As you prepare to close the books on another year, you might decide that this is the best time to ensure that you’ve kept those books in good order. You should have an easier time getting assistance with questions or missing documents now than after the tax-season rush has begun or worse yet, after you’re already in the process of an audit. These essential steps can help you prepare for an audit and even more, they can provide a vital piece of your business planning.

The Year-End Business Audit Checklist for 2019

To start gathering financial information and documents you may require, you can refer to this business audit checklist:

  • Inventory counts: Business that distribute products will need year-end inventory counts. You should also make sure you know the cost of goods sold and the amount of goods sold for the year.
  • Receipts: Either have receipts collected in your accounting software or ensure that paper receipts have been properly organized and filed. You might also reconcile accounts receivable and accounts payable, and take the opportunity to followup on any outstanding debts or bills.
  • Financial reports: Some examples of year-end reports you may need include profit-and-loss, cash flow, and balance sheet statements. You may need these reports for taxes. Even more, they can help you keep track of your own progress towards goals during the year.
  • Vendor information: The end of the year also gives you a good time to perform a quick audit on your company’s vendor information. You might ensure that you have valid contact information for active vendors, delete vendors you don’t use any longer, and get in touch with some potential distributors that have grown inactive but may prove useful in the future.
  • Payroll corrections: According to the IRS, about 40 percent of small businesses incur average penalties of about $845 for payroll errors.  Some examples of issues can include incorrect deductions or failure to account for taxable benefits. These days, managing payroll can get complex, so it might be time to engage HR services to help relieve the burden and avoid making expensive errors.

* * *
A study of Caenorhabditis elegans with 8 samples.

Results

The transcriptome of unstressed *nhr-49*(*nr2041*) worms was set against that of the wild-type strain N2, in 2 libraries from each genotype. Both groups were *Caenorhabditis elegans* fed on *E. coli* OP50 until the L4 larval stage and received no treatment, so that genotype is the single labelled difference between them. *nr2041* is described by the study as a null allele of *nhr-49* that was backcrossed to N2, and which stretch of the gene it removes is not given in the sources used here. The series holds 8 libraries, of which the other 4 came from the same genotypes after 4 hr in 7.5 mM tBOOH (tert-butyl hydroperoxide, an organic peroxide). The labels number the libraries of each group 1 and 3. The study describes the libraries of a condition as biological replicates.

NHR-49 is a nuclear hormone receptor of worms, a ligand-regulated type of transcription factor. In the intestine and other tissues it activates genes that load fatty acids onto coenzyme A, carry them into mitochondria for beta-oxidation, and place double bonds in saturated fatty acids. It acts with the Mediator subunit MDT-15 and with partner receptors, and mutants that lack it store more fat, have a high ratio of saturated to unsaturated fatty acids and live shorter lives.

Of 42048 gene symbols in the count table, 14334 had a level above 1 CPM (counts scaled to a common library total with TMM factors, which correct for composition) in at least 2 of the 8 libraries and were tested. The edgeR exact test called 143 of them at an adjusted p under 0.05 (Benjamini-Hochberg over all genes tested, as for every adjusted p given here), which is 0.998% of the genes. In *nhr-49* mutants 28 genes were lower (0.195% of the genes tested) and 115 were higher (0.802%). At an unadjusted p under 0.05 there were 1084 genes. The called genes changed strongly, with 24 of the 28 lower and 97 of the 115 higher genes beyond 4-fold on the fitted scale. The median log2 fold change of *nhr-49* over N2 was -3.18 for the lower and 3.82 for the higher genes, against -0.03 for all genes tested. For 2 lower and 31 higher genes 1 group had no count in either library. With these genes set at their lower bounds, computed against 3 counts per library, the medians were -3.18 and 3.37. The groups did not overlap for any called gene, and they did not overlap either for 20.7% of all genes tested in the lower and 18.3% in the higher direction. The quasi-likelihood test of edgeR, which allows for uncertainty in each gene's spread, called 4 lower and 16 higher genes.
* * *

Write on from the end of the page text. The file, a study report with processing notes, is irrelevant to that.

• Data backup and recovery: If your business relies upon vital financial, employee, vendor, or sales data, it’s important to ensure it is well protected against accidents, physical threats, or even cyber crime. Most experts suggest having data stored in at least two physical locations, such as external hard drives, cloud storage, and hard copies.

Depending upon your type of business, you may not need to take all of these measures. Alternatively, some kinds of businesses might require others. Also, you may first think of using this checklist as a way to prepare for possible tax audits.

At the same time, you should find these reports and documents incredibly useful tools to internally audit your company to measure its health and business practices. After you’ve made certain that you’ve got your business books organized, it’s time to create or review your business goals for the next year. You’ll be glad that you have gathered, organized, and protected the information that you need to make good decisions.

By hiring am experienced CPA to handle your business taxes, you’ll stress less and have reassurance in a seasoned professional. Contact us today to learn more about our tax services.